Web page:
What Happens If My Beneficiary Dies Before Me?
When planning for death, most people assume they will die before their beneficiaries (e.g., their spouse, children, and grandchildren). While these assumptions are often well-founded, they do not always come to pass. Sometimes a beneficiary of an estate or trust dies before the person leaving the inheritance. If this has happened to you, you may be wondering what is next. How does this event impact your original plans? The truth is, it depends on a number of factors. Lawyers call this scenario having a predeceased beneficiary.
If you have a predeceased beneficiary, you must review your estate planning to see what accommodations, if any, exist. The review of, and any updates to, your estate planning documents are critical to ensuring your assets are distributed as you would like. The details of your plan should outline who gets your property and what happens in the case of a predeceased beneficiary. Understanding what your documents say and who is named as beneficiary or owner of your accounts is crucial. Failure to address a predeceased beneficiary in your plan could result in the state deciding the fate of your accounts and property, which may not serve your purposes and can ultimately leave your remaining beneficiaries sorting through a legal nightmare.
The most common scenarios regarding predeceased beneficiaries are that
- your estate planning documents are silent on the issue, or
- your estate planning documents name contingent beneficiaries.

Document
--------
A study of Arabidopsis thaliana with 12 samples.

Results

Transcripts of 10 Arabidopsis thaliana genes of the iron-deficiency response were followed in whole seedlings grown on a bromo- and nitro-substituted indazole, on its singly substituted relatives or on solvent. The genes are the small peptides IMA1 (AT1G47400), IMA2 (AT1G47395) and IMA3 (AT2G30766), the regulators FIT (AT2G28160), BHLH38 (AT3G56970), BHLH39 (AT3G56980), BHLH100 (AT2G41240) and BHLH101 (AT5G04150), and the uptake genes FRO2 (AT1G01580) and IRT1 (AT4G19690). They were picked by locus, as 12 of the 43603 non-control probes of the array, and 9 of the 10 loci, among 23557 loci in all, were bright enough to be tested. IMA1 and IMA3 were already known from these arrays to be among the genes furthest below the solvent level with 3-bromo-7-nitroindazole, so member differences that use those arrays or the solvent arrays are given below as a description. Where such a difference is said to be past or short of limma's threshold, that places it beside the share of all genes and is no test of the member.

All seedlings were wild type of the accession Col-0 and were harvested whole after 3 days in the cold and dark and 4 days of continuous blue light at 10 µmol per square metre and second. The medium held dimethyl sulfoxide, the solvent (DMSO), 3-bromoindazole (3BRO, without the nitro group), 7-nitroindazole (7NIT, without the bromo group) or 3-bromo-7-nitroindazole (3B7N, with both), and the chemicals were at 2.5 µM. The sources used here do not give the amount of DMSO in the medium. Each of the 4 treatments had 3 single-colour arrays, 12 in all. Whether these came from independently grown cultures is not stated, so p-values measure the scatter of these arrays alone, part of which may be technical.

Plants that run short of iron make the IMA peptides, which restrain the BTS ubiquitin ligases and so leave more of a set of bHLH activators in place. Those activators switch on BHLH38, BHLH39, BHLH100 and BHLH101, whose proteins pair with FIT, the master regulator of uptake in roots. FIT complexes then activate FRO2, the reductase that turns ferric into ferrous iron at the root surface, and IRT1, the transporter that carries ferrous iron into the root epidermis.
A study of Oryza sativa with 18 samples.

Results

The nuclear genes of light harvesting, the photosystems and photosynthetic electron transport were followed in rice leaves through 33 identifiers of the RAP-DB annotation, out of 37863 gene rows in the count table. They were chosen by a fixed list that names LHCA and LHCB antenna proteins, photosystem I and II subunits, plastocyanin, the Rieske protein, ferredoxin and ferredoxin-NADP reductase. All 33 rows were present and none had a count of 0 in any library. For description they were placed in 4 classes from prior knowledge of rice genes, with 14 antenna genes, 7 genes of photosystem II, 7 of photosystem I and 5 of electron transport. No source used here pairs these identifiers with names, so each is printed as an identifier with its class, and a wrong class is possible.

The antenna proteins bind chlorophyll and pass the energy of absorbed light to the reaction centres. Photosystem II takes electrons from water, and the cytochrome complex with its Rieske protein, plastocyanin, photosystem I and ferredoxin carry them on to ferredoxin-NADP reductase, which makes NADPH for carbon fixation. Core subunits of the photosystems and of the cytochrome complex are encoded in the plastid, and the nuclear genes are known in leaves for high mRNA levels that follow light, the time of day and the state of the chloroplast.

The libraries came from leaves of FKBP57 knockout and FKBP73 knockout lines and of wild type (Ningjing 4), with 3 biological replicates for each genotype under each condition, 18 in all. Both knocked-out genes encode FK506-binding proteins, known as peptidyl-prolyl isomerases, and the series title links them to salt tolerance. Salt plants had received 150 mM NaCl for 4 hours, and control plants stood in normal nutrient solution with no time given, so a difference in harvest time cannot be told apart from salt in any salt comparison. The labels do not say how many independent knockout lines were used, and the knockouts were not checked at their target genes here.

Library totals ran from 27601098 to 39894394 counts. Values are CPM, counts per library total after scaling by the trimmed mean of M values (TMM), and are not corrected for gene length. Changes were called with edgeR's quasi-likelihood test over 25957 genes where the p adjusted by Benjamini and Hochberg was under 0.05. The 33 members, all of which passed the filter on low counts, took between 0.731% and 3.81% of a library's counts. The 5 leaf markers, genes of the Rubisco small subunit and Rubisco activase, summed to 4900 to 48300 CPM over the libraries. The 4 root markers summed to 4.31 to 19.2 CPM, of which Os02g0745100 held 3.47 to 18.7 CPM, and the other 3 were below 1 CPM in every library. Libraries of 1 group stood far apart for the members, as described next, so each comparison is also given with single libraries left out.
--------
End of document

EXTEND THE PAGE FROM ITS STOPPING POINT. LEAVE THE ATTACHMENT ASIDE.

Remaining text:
There are important considerations to keep in mind in either instance.
Estate Planning Documents are Silent
An estate planning document is silent on the issue of predeceased beneficiaries if no contingent beneficiaries are identified. A contingent beneficiary is a backup, secondary beneficiary who receives an account or piece of property if the first beneficiary, known as the primary beneficiary, dies before you do. If no contingent beneficiaries are named, the gift in question is cancelled and the accounts and property will be considered part of your general estate and distributed according to other language in your Will through the legal process known as probate. In other words, the beneficiary’s portion is absorbed back into the estate and becomes part of the leftover or residuary estate. This cancellation can be problematic if the beneficiary has descendants who you would like to receive that portion of the inheritance.
Example: Adam has a daughter named Becky and Becky has three children. Adam’s will states that Becky will inherit Adam’s prized antique collection. If Becky dies before Adam, and if Becky’s children are not named as contingent beneficiaries, this could result in Becky’s children missing out on this gift.
Estate Planning Documents Name a Contingent Beneficiary
If your will or trust specifically names a contingent beneficiary, the result is fairly straightforward. The individual identified will inherit the beneficiary’s portion. However, if someone you have named in your estate planning documents has died, it is important to review your documents to be sure the contingent beneficiary named still reflects your current wishes.
The language of your estate planning documents should dictate how beneficiaries and their shares are to be treated. In most instances, it is prudent to revise your estate planning documents so that they accurately reflect your current wishes. Having up-to-date estate planning documents helps ensure that your wishes are clearly communicated to the people that will be involved in administering your estate, saving time, money, and stress for your loved ones during a difficult time.
We Can Help
It is critical to ensure that your planning is flexible enough to accommodate for the many changes that occur in life and death. If you need help reviewing your documents to make sure your goals will be carried out as you would expect, schedule an appointment with our office. We can help you plan for the various life events that come your way.